Northeast Facing Major Post-Christmas Winter StormMore than a foot of snow could bury parts of Pennsylvania and Maine
After slamming the southern Plains and Deep South on Christmas Day, a powerful winter storm will take aim on the East and central Great Lakes on Wednesday into Thursday.
The post-Christmas storm will be far more potent than the system guaranteeing a white Christmas for more of the Northeast.
The storm, which is currently moving through the Rockies, will instead be complete with substantial snow, an icy mix, soaking rain, strong winds and severe weather.
Snow Totals to Top a Foot
On the storm's cold northern and western flank, substantial snow will spread from the lower Ohio Valley to the eastern Great Lakes and interior Northeast on Wednesday into Thursday.
More than a foot of snow will bury places from extreme northwestern Pennsylvania to northern Maine and neighboring communities in Canada's St. Lawrence Valley.
Between 6 to 12 inches is expected over surrounding areas, including Portland, Maine, and back to Detroit, Mich., and Indianapolis, Ind.
A half of a foot or more of snow will alone clog roads and severely disrupt travel and daily routines, but gusty winds will worsen the situation by blowing and drifting the snow around.
Soaking Rain to Bring Flash Flood Threat
Severe weather is not the only concern on the storm's warm side, but also torrential rain capable of causing urban and flash flooding.
Soaking rain will develop late tonight across eastern Texas and the lower Mississippi Valley.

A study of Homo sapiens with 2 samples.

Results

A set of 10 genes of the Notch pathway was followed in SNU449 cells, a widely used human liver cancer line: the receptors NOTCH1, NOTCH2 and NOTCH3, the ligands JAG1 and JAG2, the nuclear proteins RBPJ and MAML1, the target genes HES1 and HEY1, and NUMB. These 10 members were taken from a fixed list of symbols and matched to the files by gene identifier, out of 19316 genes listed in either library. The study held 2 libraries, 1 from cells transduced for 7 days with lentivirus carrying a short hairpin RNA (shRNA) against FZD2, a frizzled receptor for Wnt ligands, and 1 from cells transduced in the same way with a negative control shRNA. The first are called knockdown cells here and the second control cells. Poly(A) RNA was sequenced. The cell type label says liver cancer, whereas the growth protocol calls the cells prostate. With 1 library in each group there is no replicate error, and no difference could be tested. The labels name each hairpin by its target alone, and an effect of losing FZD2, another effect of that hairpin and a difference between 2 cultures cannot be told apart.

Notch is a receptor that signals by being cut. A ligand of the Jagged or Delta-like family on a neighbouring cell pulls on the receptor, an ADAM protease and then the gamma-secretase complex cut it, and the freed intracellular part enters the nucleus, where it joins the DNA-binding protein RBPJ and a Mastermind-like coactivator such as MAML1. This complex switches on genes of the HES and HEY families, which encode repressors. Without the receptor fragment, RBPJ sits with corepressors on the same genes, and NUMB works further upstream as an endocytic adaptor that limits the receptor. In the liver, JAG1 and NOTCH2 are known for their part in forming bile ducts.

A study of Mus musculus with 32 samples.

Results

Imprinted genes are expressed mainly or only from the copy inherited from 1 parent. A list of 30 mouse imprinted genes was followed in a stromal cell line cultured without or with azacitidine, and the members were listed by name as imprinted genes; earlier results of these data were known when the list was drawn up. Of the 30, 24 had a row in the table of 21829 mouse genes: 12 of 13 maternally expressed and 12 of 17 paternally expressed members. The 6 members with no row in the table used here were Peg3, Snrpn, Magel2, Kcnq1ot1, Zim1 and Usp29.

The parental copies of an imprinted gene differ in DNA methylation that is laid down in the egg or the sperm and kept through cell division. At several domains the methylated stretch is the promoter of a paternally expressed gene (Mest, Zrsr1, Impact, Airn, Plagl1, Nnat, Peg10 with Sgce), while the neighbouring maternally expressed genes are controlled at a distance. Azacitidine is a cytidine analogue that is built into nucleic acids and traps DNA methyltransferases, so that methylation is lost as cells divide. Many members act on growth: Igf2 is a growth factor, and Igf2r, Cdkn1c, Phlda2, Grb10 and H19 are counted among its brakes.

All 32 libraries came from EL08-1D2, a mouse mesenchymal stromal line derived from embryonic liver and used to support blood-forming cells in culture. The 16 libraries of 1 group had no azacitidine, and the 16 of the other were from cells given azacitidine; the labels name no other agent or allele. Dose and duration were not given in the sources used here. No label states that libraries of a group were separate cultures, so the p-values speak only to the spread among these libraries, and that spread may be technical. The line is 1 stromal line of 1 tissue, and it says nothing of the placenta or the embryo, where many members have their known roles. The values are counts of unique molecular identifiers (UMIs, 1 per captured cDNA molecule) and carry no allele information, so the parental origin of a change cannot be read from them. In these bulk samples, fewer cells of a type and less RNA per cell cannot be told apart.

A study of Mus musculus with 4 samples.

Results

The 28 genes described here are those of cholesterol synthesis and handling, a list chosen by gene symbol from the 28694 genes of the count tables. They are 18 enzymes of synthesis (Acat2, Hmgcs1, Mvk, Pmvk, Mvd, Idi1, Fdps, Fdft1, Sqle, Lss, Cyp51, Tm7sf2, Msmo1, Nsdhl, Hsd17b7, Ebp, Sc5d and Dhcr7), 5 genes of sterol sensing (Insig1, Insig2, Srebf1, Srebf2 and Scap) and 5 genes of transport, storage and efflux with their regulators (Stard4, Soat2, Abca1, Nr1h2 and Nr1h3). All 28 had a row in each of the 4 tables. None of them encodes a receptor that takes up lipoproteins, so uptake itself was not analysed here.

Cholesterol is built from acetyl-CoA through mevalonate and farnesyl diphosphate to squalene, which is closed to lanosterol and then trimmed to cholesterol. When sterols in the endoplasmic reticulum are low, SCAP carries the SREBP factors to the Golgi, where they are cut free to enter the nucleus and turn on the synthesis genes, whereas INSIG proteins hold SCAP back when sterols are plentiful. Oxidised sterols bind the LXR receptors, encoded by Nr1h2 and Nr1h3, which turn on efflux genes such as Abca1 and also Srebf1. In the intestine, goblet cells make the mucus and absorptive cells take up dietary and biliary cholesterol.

The rain will then spread northeastward to the central and southern Appalachians through Christmas night, before invading more of the Carolinas, mid-Atlantic and southern New England on Wednesday into Thursday morning.
For many in the Deep South, the soaking will precede the Christmas Day outbreak of damaging thunderstorms and tornadoes.
Farther to the north, the heaviest rain and accompanying flash flood threat will reach Charlotte, N.C., on Wednesday, Washington, D.C., and Baltimore on Wednesday afternoon, Philadelphia and New York City on Wednesday night and Boston late Wednesday night into Thursday morning.
Icy, Wintry Mix Another Concern
This potent winter storm is expected to unleash nothing but snow from Missouri to northern New England, while plain rain soaks the mid-Atlantic coast. In between, the snow will either mix with or the rain will start as a wintry mix.
The rain will mix with snow or sleet at its onset southward to the Interstate 81 corridor of Virginia, and all along the Interstate 95 corridor from Washington, D.C., to Boston. The same can be said for the Ohio Valley.
Accumulating snow will eventually mix with or change to the wintry mix in the central Appalachian Mountains and from central Pennsylvania to central New England.
Just because heavy snow is not falling, motorists should not take the wintry mix lightly. With sleet (ice pellets) involved, roads could still turn slick for a time.
Coastal Flooding/Damaging Winds Along Northeast Coast
As the heaviest rain invades the Northeast, strong winds will develop along the mid-Atlantic coast on Wednesday afternoon.
The burst of strong winds will then push northward along the coast into Thursday, whipping through Long Island and New York City on Wednesday night and Boston on Thursday morning.
The strongest winds will gust to around 50 mph for a time, threatening to cause tree damage and power outages. The combination of the winds and higher astronomical tides could also lead to coastal flooding.
Conditions throughout the East Coast will improve on Friday, when a new storm may be gathering in the Deep South.
PHOTOS ON SKYE: Here Comes Santa Claus...Surfing?